A two-year long cybercrime investigation between the Romanian Directorate for Investigating Organised Crime and terrorism - Central Structure, Romanian National Police, the Prosecution Office of Milan and the Italian National Police, with the support of Eurojust, Europol and its Joint Cybercrime Action Taskforce, has led to the arrest of 20 suspects in a series of coordinated raids on 28 March. Nine individuals were detained in Romania and 11 were arrested in Italy for banking fraud that netted EUR 1 million from hundreds of customers of two major banking institutions. The Romanian authorities have conducted 15 house searches involving 120 Romanian police officers, while the Italian authorities carried out 9 home and computer searches, involving more than 100 Italian police officers. Documents, IT devices, drugs and other materials were seized in Romania and Italy.
The organised crime group (OCG), comprised of Romanian and Italian nationals, used spear phishing e-mails impersonating tax authorities to harvest the online banking credentials of their victims.
While the most common phishing scams generate millions of generic e-mails, spear phishing e-mails are personally addressed to targeted stakeholders with content to make them appear to be sent from a reputable source, such as a bank. Recipients are encouraged to click on a link, which will lead to a fake version of a legitimate website from which their account or contact details can be stolen.
The investigation, initiated in 2016, uncovered how the criminals used the stolen online banking credentials to surreptitiously transfer money from the victims' accounts into accounts under their control, and from there withdrew the money from ATMs in Romania with credit/debit cards linked to the criminal accounts.
The highly organised OCG pursued its criminal activity using encrypted chat applications. It established its power by applying intimidating and punitive methods towards affiliates and competitors. The OCG is also suspected of money laundering, drug and human trafficking, prostitution and participation in a criminal organisation.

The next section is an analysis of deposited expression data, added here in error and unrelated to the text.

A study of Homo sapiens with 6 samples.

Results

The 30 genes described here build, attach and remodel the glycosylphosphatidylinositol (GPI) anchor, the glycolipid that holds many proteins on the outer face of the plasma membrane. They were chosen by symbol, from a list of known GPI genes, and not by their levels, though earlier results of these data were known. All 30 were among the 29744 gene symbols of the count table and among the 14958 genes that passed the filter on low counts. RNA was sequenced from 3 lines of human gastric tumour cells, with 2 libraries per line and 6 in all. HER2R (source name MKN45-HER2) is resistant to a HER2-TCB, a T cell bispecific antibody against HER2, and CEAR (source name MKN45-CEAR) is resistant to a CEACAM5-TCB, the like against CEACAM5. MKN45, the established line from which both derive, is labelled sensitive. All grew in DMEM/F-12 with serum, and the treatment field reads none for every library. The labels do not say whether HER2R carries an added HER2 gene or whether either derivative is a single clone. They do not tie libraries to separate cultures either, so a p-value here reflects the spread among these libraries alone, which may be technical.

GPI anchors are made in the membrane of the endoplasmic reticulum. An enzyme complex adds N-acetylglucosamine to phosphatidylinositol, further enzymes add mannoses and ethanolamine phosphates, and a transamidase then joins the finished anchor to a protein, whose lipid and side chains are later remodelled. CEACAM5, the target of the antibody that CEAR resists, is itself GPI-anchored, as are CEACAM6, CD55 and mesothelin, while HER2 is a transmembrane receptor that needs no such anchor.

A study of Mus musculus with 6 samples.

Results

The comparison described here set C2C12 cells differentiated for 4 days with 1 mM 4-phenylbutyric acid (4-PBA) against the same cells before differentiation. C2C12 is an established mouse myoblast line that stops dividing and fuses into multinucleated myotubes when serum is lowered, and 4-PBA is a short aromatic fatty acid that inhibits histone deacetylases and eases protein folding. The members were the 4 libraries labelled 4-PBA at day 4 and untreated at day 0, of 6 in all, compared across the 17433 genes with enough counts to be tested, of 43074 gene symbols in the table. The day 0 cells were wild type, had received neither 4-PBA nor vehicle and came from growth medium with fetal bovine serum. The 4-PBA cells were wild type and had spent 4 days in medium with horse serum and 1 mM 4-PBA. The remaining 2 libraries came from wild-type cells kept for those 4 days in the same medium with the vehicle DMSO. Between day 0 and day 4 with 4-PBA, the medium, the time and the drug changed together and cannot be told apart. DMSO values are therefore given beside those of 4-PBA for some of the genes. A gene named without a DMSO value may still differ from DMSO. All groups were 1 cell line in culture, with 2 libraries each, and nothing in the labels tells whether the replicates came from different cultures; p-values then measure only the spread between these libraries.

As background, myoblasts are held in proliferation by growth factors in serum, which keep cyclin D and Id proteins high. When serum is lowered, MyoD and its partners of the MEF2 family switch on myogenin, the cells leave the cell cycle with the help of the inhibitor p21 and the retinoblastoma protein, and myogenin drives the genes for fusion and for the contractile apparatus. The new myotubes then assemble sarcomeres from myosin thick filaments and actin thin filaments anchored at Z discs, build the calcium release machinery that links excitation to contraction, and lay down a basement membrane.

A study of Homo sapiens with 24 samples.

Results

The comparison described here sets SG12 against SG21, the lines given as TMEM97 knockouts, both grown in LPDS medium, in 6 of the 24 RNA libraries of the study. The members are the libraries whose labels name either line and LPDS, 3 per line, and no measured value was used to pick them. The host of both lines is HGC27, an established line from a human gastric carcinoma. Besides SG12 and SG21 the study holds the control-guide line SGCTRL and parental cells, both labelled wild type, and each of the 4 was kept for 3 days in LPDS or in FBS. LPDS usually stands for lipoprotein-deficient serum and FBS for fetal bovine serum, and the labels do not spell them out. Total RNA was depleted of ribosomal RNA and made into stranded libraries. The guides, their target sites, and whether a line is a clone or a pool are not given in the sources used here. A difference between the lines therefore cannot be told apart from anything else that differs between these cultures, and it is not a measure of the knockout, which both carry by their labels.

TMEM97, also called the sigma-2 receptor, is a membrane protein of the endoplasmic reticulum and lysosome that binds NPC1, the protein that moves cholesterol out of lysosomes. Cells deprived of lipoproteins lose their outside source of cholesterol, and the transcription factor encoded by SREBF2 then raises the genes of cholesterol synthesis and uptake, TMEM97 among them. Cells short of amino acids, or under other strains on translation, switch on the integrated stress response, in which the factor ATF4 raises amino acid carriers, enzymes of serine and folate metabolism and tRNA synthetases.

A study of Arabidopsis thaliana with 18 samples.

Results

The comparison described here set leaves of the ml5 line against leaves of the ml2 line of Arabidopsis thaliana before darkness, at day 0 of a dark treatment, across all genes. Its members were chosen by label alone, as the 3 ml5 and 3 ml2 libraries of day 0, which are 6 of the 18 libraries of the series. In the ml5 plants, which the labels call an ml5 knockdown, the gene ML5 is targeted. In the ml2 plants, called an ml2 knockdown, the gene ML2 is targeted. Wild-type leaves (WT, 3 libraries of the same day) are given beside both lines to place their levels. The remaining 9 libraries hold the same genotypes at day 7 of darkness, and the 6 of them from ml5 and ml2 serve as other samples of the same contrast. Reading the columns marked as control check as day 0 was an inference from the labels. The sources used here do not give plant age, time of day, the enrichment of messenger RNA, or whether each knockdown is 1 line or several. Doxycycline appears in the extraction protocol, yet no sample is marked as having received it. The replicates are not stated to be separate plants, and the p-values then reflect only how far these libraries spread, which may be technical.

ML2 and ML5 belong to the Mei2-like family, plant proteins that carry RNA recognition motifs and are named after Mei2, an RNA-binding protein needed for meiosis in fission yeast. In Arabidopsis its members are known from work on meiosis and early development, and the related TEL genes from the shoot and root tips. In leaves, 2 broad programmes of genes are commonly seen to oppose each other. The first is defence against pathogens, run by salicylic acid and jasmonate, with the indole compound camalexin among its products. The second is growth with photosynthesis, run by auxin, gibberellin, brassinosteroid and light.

During the investigation, Europol supported the case by providing tailored intelligence analysis and expertise to the investigators and deploying mobile offices on the action day to both countries. Several coordination and operational meetings took place prior to the action at Eurojust and Europol.
Eurojust ensured close cooperation and coordination among the prosecuting and investigating authorities in both Romania and Italy. During two coordination meetings held at Eurojust in March and October 2017, decisions were taken to facilitate the execution of coordinated actions with simultaneous arrests and searches, prevent a conflict of jurisdiction (ne bis in idem issue), continue the parallel investigations and exchange of information, and organise a coordinated action day. On 28 March, a coordination centre was set up at Eurojust, facilitating the exchange of information between the involved countries and providing a final global overview of the results.
Due to the demanding investigative measures run on an international level, the Romanian and Italian judicial authorities requested the establishment of a joint investigation team (JIT), which was set up in March 2017 between Italy and Romania with the assistance of Eurojust. Eurojust also facilitated the funding process of the JIT. The JIT allowed for efficient cooperation and coordination, including the continued exchange of information and evidence between Italy and Romania.